What Is Cheese Wheel Pasta (And Is It Just A Gimmick)?

Many people are adamant that pasta sauce always tastes better at a restaurant, so we can only imagine how much more common that sentiment would become with widespread awareness of cheese wheel pasta. Yes, an entire cheese wheel, brought directly to your table. Some may think this is a gimmick, but cheese wheel pasta dates back at least a decade — if not centuries.

Before you get your hopes up about demolishing an entire wheel of Grana Padano, just know that the cheese wheel serves as more of a finishing touch to a dish. At best, it's a serving vessel rather than a part of the dish itself.

For this trick, restaurants generally carve a bowl-sized indentation into a cheese wheel, then pour in freshly cooked pasta per order. The heat from the pasta melts the adjacent cheese, allowing it to generously coat the noodles and any other toppings. Once the pasta has been tossed to a customer's preference, it's usually removed from the cheese wheel so the wheel can be shaved down and reused for another dish.

A brief history of cheese wheel pasta

Many popular dishes have a clear origin story, but not cheese wheel pasta. This particular method of preparing and serving pasta seems to have become mainstream only over the past decade, and any history before then is anyone's guess.

Restaurant consultant Marx Cyrus Cruz theorized in an Instagram post that the concept could be centuries old. He suggested that shepherds would carry cheese wheels with them, using the wheels as bowls, though corroborating this particular theory is difficult. However, historians can say with certainty that, as early as the Middle Ages, the Alps hosted a steady trade of cheese wheels, as wheels were easier to travel with than, say, a large brick of cheese.

Naturally, cheese wheels were soon present all across Europe, though their popularity likely had more to do with the shelf life and structure of a cheese wheel than anything else. As such, we completely understand why some Reddit users have offered up the idea that the whole "cheese wheel pasta" trend was simply created to drive tourism.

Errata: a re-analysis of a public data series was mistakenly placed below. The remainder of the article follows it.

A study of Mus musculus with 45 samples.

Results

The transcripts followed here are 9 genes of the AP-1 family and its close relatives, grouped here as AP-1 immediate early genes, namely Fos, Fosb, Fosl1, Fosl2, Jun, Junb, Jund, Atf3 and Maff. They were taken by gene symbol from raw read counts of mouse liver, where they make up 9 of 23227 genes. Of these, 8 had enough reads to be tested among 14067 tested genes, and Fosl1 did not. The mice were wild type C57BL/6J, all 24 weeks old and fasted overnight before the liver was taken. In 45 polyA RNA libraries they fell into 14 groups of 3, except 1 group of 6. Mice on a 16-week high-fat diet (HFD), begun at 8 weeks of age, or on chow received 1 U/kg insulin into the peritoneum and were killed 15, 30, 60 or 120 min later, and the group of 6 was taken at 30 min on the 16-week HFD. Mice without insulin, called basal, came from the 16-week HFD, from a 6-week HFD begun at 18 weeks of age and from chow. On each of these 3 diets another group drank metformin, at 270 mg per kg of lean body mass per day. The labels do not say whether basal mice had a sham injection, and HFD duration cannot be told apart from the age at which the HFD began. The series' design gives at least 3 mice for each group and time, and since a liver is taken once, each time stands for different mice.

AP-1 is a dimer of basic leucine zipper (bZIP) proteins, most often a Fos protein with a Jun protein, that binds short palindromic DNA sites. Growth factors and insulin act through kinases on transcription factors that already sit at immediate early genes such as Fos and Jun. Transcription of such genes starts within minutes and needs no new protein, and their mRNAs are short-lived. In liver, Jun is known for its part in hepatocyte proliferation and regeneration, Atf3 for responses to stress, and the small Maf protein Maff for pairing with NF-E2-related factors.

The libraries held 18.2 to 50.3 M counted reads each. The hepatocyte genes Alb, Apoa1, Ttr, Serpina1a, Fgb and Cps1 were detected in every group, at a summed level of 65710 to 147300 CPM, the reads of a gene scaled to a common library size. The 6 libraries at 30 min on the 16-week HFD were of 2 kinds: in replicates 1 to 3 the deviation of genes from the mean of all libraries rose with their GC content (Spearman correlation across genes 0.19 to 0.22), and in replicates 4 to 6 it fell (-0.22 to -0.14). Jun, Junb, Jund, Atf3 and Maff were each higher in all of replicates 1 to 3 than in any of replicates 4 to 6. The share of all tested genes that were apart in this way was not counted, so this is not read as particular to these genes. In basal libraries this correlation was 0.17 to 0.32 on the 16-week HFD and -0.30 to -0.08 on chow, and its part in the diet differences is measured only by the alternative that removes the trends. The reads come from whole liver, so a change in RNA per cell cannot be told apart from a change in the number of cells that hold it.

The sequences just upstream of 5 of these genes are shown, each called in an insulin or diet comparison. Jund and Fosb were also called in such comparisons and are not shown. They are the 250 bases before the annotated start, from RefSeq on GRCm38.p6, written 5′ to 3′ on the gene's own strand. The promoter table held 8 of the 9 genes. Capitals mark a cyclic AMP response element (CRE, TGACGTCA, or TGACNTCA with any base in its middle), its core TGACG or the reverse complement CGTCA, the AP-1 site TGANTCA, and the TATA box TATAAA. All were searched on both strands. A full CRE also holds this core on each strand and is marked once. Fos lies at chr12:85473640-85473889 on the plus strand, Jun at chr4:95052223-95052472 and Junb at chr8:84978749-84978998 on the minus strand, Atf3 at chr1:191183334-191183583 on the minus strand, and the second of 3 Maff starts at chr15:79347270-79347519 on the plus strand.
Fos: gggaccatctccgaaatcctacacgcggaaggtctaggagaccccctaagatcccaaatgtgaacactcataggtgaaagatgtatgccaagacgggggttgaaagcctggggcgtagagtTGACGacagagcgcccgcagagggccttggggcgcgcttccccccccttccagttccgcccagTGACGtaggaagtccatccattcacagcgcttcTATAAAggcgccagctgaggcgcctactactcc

Common variations of cheese wheel pasta

While each restaurant that serves cheese wheel pasta will have its own unique spin on the dish, most restaurants stick to the same general idea. One common cheese wheel pasta, for instance, is cacio e pepe, which is essentially the Italian version of mac and cheese. Restaurants commonly bring cacio e pepe to the table with a large wheel of parmesan or parmigiano reggiano, performing the pasta-tossing ritual inside the hollowed-out cheese.

Forma, a restaurant in Santa Monica that arguably increased cheese wheel pasta's popularity, offers cacio e pepe, fettuccine bolognese, risotto, and tortellini as its cheese wheel pasta options. In addition to parmigiano reggiano, Forma also offers pecorino romano, Grana Padana, and Bella Lodi cheeses. Meanwhile, Staten Island's Bocelli Ristorante serves a spaghettini with vodka flambé from a wheel of 30-month-old Grana Padana. Wherever you go for restaurant-grade cheese wheel pasta, your chefs and servers will make it an experience.

Enjoying (and storing) the cheese wheel pasta phenomenon at home

Unfortunately, restaurants offering cheese wheel pasta aren't accessible to everyone, whether because of location or cost. If you've got a family of five going out for cheese wheel pasta, which is about $30 per plate on average, you're already footing a minimum bill of $150.

As such, if you really love cheese and still want the cheese wheel pasta experience, you might consider investing in a wheel of your own. Sam's Club, for instance, sells a 15-pound parmesan cheese wheel for about $150, but you can also find smaller cheese wheels around 5 pounds for less than $60 online.

Of course, if you decide to invest in a wheel of cheese, you'll likely need to know how to properly store it. As is the case for storing any kind of cheese, your best option is to keep a cheese wheel in the fridge, especially once you've cut into it. After all, you don't want your cheese to grow an unfavorable kind of mold.